A major finding with regards to water on the moon could solve a riddle that has puzzled scientists for years now.
The question of where the water is on the moon has been one that has baffled scientists for years, and now a new analysis of data from previous lunar missions has uncovered evidence that water on the moon is distributed widely across its surface rather than stuck in any one place. And it will be rather difficult for mankind to access it, a discovery that could have big implications for future manned missions or bases.
At a fundamental level, this discovery could help scientists understand where the water on the moon came from, and whether it could be used as a resource. Future lunar explorers could make use of moon water if it was relatively easy to access, but if it’s not, that changes the game.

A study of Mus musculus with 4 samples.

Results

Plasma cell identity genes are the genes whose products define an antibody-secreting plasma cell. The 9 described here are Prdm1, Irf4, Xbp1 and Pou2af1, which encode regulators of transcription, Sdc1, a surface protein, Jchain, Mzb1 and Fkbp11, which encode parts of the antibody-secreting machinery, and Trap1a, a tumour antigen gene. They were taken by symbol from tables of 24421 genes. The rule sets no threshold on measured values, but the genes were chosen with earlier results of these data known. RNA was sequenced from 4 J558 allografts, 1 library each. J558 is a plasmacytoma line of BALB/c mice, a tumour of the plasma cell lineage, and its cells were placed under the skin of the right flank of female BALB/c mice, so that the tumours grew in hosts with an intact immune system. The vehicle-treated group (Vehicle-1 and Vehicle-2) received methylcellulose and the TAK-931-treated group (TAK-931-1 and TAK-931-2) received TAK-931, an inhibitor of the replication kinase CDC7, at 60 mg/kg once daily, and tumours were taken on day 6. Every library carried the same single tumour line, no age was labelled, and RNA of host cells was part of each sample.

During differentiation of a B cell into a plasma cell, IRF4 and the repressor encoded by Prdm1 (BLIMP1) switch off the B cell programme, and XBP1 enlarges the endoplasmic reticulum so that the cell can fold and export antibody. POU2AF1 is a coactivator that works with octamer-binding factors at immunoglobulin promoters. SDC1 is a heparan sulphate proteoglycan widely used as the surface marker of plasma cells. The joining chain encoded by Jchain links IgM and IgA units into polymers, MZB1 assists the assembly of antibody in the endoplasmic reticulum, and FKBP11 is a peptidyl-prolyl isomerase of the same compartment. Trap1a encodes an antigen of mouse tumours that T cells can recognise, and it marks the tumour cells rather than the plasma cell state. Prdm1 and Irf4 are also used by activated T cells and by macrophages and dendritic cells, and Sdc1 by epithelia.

Scientists also found that it did not matter the time of day or which latitude was examined, water always seemed to be present somewhere. It also did not appear to matter what the composition of the surface was, and such findings actually run counter to previous studies that indicated water was pooled at the polar regions of the moon and changes with the lunar day.
“Water on the Moon is of intense interest for many reasons,” said SwRI’s Dr. Michael Poston, a coauthor of the paper, “Widespread Distribution of OH/ H2O on the Lunar Surface Inferred from Spectral Data,” published in Nature Geoscience online. “When you split water molecules, you end up with oxygen and hydrogen, critical components for breathable air and rocket fuel. Hydroxyl (OH) is a more reactive relative to water and not as attractive as water in terms of supporting a lunar station.”